Today was the monthly "extended hours" Saturday at Seattle NARA and I managed to get something done I've wanted to do for some time.
Those are some of the color chips found in a booklet the Navy issued in 1941 on "Passive Defense," which was their term for the camouflage used on shore facilities. The camouflage you've seen on Navy Yard buildings during the war? That was passive defense.
I'd never seen the colors used and no one I talked to had either, so the color chips were a great find. However, what to do with them? We need to get the information out, but computer monitors are so different in the colors they display that I couldn't just scan to a web page. Scanners aren't calibrated for colors and you can't normally bring supplemental lighting into the archives to attain a true "sunlight" wavelength light.
Ron Smith of AA Military Research had a couple of pointers given his research into WWI and WWII camouflage and photography of some of the original artwork produced for those wars. First off, a X-Rite (originally Gretag-Macbeth) Mini ColorChecker Card; calibrated colors with known values so that I can send the photos to another person with the same card and they can calibrate their output to match.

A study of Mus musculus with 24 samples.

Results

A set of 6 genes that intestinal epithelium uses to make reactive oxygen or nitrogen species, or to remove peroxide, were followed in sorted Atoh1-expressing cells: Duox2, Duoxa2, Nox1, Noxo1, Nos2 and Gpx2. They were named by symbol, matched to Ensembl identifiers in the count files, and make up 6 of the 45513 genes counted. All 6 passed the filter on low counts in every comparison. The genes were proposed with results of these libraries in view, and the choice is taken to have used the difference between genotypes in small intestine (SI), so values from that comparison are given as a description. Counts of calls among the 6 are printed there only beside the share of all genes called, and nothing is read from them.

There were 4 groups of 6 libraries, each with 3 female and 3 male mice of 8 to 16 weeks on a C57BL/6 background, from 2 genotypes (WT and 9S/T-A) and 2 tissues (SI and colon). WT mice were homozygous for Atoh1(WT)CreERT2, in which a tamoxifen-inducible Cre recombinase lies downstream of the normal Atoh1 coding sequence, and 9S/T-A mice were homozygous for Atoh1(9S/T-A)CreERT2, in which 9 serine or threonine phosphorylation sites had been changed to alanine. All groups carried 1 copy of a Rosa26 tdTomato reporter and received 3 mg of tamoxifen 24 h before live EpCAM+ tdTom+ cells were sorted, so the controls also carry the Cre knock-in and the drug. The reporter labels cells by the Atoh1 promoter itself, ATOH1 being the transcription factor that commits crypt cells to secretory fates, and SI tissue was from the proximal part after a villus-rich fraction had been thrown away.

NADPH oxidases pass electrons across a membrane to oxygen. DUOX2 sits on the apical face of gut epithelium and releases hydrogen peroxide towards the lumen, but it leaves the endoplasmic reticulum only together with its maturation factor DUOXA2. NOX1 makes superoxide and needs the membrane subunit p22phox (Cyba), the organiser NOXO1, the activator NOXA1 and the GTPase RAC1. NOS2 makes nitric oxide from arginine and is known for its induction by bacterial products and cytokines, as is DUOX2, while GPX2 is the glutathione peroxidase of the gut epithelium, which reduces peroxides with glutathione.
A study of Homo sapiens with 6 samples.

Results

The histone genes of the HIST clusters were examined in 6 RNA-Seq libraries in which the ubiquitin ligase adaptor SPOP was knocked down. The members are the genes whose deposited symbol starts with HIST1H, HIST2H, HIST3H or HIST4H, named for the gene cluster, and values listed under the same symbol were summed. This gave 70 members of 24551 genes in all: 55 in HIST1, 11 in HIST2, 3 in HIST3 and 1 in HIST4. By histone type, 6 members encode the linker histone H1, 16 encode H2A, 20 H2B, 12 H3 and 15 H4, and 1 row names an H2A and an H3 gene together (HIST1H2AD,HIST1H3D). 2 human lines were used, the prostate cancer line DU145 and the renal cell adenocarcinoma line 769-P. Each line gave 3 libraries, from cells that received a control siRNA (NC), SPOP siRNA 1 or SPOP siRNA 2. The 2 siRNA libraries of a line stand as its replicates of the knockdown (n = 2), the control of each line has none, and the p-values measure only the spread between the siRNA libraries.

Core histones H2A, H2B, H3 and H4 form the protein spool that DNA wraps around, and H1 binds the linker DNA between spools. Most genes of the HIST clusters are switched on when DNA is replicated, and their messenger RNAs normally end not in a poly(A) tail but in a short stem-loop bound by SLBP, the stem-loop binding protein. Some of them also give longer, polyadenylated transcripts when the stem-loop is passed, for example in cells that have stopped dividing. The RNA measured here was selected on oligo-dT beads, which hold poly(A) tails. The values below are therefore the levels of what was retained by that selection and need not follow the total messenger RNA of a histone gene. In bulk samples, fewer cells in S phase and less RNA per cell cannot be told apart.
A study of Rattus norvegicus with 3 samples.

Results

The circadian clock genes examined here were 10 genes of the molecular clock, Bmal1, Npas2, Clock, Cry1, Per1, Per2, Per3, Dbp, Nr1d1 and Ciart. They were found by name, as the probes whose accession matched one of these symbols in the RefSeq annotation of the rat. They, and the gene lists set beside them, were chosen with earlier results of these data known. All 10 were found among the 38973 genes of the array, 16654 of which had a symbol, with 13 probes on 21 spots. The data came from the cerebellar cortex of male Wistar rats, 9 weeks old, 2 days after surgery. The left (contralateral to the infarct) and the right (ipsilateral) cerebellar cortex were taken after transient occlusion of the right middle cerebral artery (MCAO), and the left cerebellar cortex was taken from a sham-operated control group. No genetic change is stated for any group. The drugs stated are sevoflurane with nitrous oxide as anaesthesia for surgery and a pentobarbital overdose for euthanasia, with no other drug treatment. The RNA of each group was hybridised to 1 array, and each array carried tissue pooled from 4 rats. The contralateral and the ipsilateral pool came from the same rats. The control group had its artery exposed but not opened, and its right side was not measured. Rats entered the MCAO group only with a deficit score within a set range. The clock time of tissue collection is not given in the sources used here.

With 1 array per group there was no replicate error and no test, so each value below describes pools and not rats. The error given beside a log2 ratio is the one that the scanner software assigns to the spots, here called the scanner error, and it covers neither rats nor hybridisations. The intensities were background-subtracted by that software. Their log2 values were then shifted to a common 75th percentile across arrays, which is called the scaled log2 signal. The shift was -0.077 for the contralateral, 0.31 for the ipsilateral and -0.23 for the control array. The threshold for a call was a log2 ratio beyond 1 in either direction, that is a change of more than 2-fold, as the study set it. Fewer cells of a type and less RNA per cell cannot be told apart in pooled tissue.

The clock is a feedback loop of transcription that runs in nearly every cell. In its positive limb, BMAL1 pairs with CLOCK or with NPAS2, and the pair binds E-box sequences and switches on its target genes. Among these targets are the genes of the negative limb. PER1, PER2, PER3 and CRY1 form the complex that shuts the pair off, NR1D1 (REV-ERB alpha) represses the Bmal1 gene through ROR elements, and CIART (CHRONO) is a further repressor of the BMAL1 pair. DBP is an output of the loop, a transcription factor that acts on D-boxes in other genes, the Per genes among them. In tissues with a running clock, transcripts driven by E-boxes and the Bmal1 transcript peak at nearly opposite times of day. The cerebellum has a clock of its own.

The problem was then lighting, but I got lucky in a sense. Ancenstry.Com has partnered some what with NARA to scan in many documents of interest to their clientèle, and they have a team in Seattle NARA working through some records for a couple of months. They have some pretty expensive "scanning" stations (calibrated cameras with natural lighting hooked into work stations running custom image acquisition and filing software) and I managed to talk one of them into letting me pop a couple sheets under their lights for a quick snap shot. Hoping they don't get in trouble for me mentioning that, but they could see that I'm obviously a "somewhat" professional researcher and was careful around their equipment.
We all win from their understanding though. I will have to finish scanning the rest of the textual stuff later (got 11 out of around 100 pages) and it'll take a while to post all of that as HTML, but I think it'll be worthwhile.
In other positive news, Alaska Airlines dropped the price of their fares to San Francisco from Seattle so I'll be going down for five days of research in late September. w00t!